What is “human nature”? Do a natural set of behavioral paradigms govern our morals at the most basic level? And more importantly, are those prescribed behaviors inherently good, or naturally evil? The Large Ant by Howard Fast depicts human nature as leaning toward the latter. Many other artistic and literary works seem to take this position, arguing that because humans have the capacity to commit evil deeds, they must themselves be evil. In Fast’s view, humans are naturally selfish and xenophobic, reacting to the unknown with violence instead of simple curiosity. This story, however, presents an overly cynical and unrealistic glimpse of human nature at its worst. Its arguments are often self-contradictory, and in the end, The Large Ant’s critique of human nature proves unjustifiably negative.
The story itself begins in a non-linear fashion. The protagonist muses about the end of the world, and different scenarios that will bring about this end. He eventually reaches the conclusion that humans will wipe each other out. “We could find a way to feed any number of people and perhaps even a way to avoid wiping each other out with the bomb.” the protagonist mentions. “Those things we are very good at, but we have never been any good at changing ourselves or the way we behave” (Fast, 150).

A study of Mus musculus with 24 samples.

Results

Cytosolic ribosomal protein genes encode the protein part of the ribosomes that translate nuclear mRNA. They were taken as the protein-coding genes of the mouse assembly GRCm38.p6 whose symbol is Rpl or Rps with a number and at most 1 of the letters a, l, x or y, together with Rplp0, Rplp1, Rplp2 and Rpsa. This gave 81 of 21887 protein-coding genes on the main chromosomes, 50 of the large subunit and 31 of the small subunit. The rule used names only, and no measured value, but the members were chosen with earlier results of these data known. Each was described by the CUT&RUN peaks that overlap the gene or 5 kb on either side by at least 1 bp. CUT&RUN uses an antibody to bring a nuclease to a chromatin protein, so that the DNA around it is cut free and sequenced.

The story continues from there, with the protagonist narrating a series of past events. The action begins with the protagonist, a man named Morgan, relaxing alone in his isolated summer cottage in the Adirondacks. While reading in his bedroom, he notices an extremely large ant-like creature approaching him. Panicking, Morgan grabs the nearest object, a golf club, and beats the “ant” to death. After recovering from the initial shock, he decides to bring the deceased creature to the insect curator
at the local museum. The man’s name is Bertram Lieberman, and, flanked by a government official and a senator, he tells
Cited: Fast, Howard. "The Large Ant." 1960. Imprints 12. Toronto: Gage Learning Corporation, 2002. 150-58. Print. Steven Pinker on the Myth of Violence. Perf. Steven Pinker. TED. Sept. 2007. Web.